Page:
Last week, the Federal Election Commission deadlocked over whether to investigate allegations that coal baron Robert Murray coerced employees at his company, Murray Energy Corporation, into making campaign contributions. It’s a move that watchdogs warn will give the green light to workplace political coercion, which experts say is on the rise.
The case stems from a complaint filed by Citizens for Responsibility and Ethics in Washington (CREW) alleging that Murray Energy coerced its salaried employees to contribute to the company’s PAC. Sources within the company had alleged that their year-end bonuses depended on their levels of political giving.
FEC staff had advised the commission that there was a strong case for enforcement, based on evidence that included internal company documents reportedly showing that the company told managers, “We have been insulted by every salaried employee who does not support our efforts.” Staff members recommended that the commissioners find that Murray and his company’s PAC had violated federal election law by "coercing Murray Energy employees to make contributions to federal candidates and participate in fundraising activities supporting federal candidates."
When the commission finally voted on whether to take action last week, the FEC split along party lines, with the three Democratic commissioners voting in favor of investigation, and the three Republican commissioners voting against action. FEC rules bar the agency from taking action unless a majority of commissioners agree. It’s just the latest in a long list of FEC disputes that have ended in stalemates and inaction—involving everything from complaints over super PAC coordination with campaigns to nonprofits’ political activity, straw donations to LLCs, and end-runs around contribution limits.
“This case of political coercion in the workplace reverberates beyond the realm of U.S. elections," the three Democratic commissioners declared in a statement. “It goes to the very core of the relationship between employer and employee. Every citizen should feel free to give—or not to give—to the candidates and political causes of their choice, inspired by their own convictions, and free from outside pressure or coercion.”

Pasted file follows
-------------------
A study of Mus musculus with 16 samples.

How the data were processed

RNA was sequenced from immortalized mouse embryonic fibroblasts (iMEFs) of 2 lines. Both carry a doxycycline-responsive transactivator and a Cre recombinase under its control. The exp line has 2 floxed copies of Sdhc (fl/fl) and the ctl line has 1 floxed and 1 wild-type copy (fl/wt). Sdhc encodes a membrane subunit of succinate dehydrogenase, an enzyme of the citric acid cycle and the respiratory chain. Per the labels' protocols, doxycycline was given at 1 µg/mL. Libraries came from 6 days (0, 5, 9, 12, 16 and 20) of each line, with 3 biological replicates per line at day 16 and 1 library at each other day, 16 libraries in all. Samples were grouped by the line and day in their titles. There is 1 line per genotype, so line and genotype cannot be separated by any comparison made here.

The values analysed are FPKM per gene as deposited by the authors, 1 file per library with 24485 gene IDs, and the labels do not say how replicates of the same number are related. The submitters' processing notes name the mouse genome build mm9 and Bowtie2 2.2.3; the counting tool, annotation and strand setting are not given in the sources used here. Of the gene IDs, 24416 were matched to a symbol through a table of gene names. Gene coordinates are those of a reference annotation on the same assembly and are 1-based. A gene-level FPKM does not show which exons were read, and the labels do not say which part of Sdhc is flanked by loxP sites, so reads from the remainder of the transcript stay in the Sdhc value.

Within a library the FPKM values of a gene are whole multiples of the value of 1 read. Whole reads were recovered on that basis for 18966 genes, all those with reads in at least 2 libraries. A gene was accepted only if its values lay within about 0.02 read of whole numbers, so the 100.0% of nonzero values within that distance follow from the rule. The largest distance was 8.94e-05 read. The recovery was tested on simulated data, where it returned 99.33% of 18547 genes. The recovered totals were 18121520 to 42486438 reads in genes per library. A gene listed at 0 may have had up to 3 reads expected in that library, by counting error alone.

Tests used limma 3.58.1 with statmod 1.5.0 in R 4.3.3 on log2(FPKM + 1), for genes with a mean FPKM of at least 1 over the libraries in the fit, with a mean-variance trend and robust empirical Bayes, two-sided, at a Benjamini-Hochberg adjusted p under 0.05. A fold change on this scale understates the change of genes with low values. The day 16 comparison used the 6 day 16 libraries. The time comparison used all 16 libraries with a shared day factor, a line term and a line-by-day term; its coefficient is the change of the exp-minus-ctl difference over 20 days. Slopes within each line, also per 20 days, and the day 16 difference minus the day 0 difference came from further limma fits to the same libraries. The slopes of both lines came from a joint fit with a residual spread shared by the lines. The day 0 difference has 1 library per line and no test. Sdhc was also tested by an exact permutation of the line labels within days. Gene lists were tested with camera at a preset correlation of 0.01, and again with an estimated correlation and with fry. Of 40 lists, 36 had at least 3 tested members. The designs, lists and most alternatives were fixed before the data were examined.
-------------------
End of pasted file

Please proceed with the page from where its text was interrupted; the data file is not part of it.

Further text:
The three Republican commissioners didn’t comment on the case. Election law observers called the stalemate a troubling sign that is eerily similar to the FEC’s past failure to issue clear guidance on the proper use of LLCs for political purposes.
“With the dismissal of the Complaint and nothing more heard from the agency,” wrote Democratic election lawyer Bob Bauer, former Obama White House counsel, “the regulated community has a fresh signal of either Commission paralysis on an issue of central importance, or of ominous possibilities now available to employers in soliciting political contributions from their eligible managerial ranks.”
It’s not the first time Murray has been accused of pushing the boundaries of election laws barring employers from coercing workers to follow their political agendas. Murray is an ardent opponent of President Obama, whom he accuses of waging a “war on coal,” and Murray and his company contributed hundreds of thousands of dollars to 2012 Republican presidential candidate Mitt Romney. In 2012, an Ohio grassroots group filed a complaint with the FEC alleging that Murray had forced his company’s miners and their families to attend a Romney rally. Last year the commission dropped its investigation into that complaint.
The FEC’s latest stalemate over Murray comes at a time when political coercion by employers appears to be on the rise. As political scientist Alex Hertel-Fernandez wrote in the Prospect last year, as many as one in four employees have been contacted by their managers about voting, political candidates, or public policies and political issues.
The Supreme Court’s 2011 Citizens United decision not only cleared the way for corporations to spend unlimited amounts on campaigns from their own treasuries; it also emboldened managers to require employees to attend meetings about politics, or even specific candidates, a study by Hertel-Fernandez concluded. On top of that, there are no federal labor protections for employees who are fired or punished for refusing to participate in an employer’s political agenda. As Hertel-Fernandez wrote, technology has also helped corporations amplify their political voice: “A company might now launch a mobilization effort with a series of emails to workers, then call virtual town-hall video forums, and finally ask workers to visit a website to send employer-written messages to their elected officials.”
Even if the FEC continues to punt on coercion enforcement and not clarify the rules with future guidance, there are other steps reform advocates can take. As Hertel-Fernandez has noted, Congress currently prohibits PACs from collecting anything of value using “physical force, job discrimination, financial reprisals, or the threat of force, job discrimination, or financial reprisal … or as a condition of employment.” By simply altering the statute’s language to include corporations, Congress could legally protect employees from political coercion.
States could also follow the leads of Oregon and New Jersey, which have recently passed laws that prohibit employers from “discharging, disciplining, or penalizing employees who decline to participate in employer-sponsored activities or communications about religious or political issues.”
Hertel-Fernandez links the rise of employers’ political coercion to workers’ collective loss of power and voice on the job, and predicts that this will make the issue a growing priority for progressive organizers. “Resistance to political coercion is a concern common to the civil-rights and labor traditions,” he writes. “Efforts to curb employer political intimidation could remind Americans that the quality of democracy in the workplace has direct bearing on the quality of democracy at the ballot box.”